Pallotti students step up to Morgan State jazz operetta
By Patti Restivo
Nov 09, 2016 at 7:15 AM
Students at St. Vincent Pallotti High School's Arts Academy are flying high on wings of inspiration as they prepare to perform in a jazz operetta at Murphy Fine Arts Center at Morgan State University on Nov. 18 and 19.
Directed by Dwight R.B. Cook and written in Broadway-style by New York actor James Rich, "There Was A Boy" tells the story of Nat King Cole (1919-1965), a jazz pianist and singer and the first African American to host a national television variety show, "The Nat King Cole Show," which aired from 1956-57.
Rich, 52, who plays the role of Cole, said he grew up listening to the Jacksons, Earth Wind and Fire and Chaka Kahn, but remembers when Cole died.
The actor bears a striking resemblance to Cole, the son of a Baptist preacher who wanted to see the world and longed for his father's approval. Rich said portraying Cole in his operetta at Morgan "feels like performing with the Nelson Riddle Orchestra."
"Actors are always looking for that perfect role; for me this is the role I've been wanting to play," he said. The play "tells a really beautiful and universal story."
The Pallotti student performers — Amanda Huff, Bryan Schmidt, Robert Collin Atkins and Francis Picado — had to formally audition and have been rehearsing with Rich on Tuesdays and Thursdays after school. They sing in the opera's chorus and have various roles, such as a shoe shiner and bartender.
Huff, 15, a soprano, said the rehearsals have been a "life-changing experience," and Schmidt, 16, a baritone, said he loves "hanging out with the Morgan students who act like our big brothers and sisters."
Atkins, 17, a baritone and mid-tenor said the Morgan students have shared tips.
"My vocal range has completely improved from this whole experience," he said.
Pallotti Principal Jeff Palumbo said the high school students' participation in a competitive arts program at the university level is "an incredible opportunity for our kids; it gives them an opportunity to see the next level to which they all aspire."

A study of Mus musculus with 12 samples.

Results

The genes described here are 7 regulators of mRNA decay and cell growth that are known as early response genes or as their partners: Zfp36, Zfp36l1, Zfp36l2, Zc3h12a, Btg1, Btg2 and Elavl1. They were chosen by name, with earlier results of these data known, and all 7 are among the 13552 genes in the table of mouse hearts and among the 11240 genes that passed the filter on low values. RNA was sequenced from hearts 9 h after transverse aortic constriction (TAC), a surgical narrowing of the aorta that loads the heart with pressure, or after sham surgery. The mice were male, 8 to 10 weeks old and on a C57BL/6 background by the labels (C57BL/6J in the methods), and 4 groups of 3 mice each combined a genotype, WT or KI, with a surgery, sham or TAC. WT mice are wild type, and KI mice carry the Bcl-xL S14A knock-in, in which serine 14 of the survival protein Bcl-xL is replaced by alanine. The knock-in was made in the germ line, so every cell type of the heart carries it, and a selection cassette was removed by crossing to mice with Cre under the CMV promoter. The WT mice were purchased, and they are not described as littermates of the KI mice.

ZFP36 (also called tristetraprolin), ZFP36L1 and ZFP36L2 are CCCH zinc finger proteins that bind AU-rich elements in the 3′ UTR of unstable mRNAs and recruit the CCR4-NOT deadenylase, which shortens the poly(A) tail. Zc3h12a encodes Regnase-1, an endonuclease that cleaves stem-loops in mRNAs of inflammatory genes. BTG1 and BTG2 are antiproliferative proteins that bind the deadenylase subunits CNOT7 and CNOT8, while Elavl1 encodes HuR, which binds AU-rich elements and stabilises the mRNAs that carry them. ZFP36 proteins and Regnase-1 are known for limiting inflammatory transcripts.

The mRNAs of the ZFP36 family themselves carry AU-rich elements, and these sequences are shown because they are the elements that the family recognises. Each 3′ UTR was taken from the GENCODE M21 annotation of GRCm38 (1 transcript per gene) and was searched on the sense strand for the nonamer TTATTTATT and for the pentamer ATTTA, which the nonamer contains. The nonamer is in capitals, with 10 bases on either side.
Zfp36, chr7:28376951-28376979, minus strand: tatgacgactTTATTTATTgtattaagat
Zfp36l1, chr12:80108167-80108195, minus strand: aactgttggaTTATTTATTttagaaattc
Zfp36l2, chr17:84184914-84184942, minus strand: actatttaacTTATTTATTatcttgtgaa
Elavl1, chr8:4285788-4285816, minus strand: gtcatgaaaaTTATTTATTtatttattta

One of Pallotti's vocal instructors, Christopher Chappelle, 25, a graduate of both Pallotti and Morgan, drives the kids to rehearsals in Baltimore and also performs in the ensemble.
Kelly Young, associate choral director at Pallotti, said that she is pleased with the progress the Pallotti kids are making.
"I think the project is a discovery for them," she said. "The demands and pace of the rehearsals is on an upward trajectory as far as what our students will experience in the professional theater world."
Vincent Stringer, director of opera studies at Morgan, said he hopes the positive experience will encourage the Pallotti students to apply there.
"I've been getting reports that they're doing great," he said.
Stringer said he's been involved in a number of new projects and is an "advocate for new music."
"When James introduced me to his work, I started thinking about Nat King Cole's connection to Morgan," Stringer said.
The year before Cole died, in 1964, Morgan State University awarded the musician an honorary doctorate. Fifty years later, in 2014, "There Was A Boy" was first performed as a stage reading at the Murphy Fine Arts Center to standing ovations, according to Rich.
Saunders Allen, chairman of the Fine Arts Department at Pallotti, said the high school's involvement in the project "grew organically through our professional discussions."
Pallotti visual arts teacher Alan Ernstein, recruited by Allen to be the show's set designer, said he "enjoyed putting together a background for the show."
Allen and Young also reached out to Pallotti alumni Elyssa Atkins, 19, Nicole Woody, 21, and Bryan Tinker, 34, who all perform in the show.
Choreographer and Pallotti pompom and dance team coach Eucrita Willis, 46, said she became involved "through wonderful Mr. Allen," and that the music brings her to tears.
"It was a beautiful thing how this happened, like it was all supposed to be," she said.
The operetta's name comes from the first line of "Nature Boy," a simple but profound song written by Eden Ahbez that Cole recorded with Capitol Records in 1948. Rich performed the song at the Metropolitan Room in New York City in January.
Other cast favorites that will be performed, along with many other numbers, include "Almost Like Being In Love," "Straighten Up and Fly Right" and "Day In, Day Out."
"Nat King Cole was known for his black satin hair, piano key smile and silky smooth voice," Rich said. "But no one ever told the story of the human being behind that image in this format before."
"There Was A Boy" will be performed at the Murphy Fine Arts Center at Morgan State University, Friday, Nov. 18 at 10 a.m. and 7:30 p.m.; and Saturday, Nov. 19 at 2 p.m. and 7:30 p.m. Tickets are available via ticketmaster.com.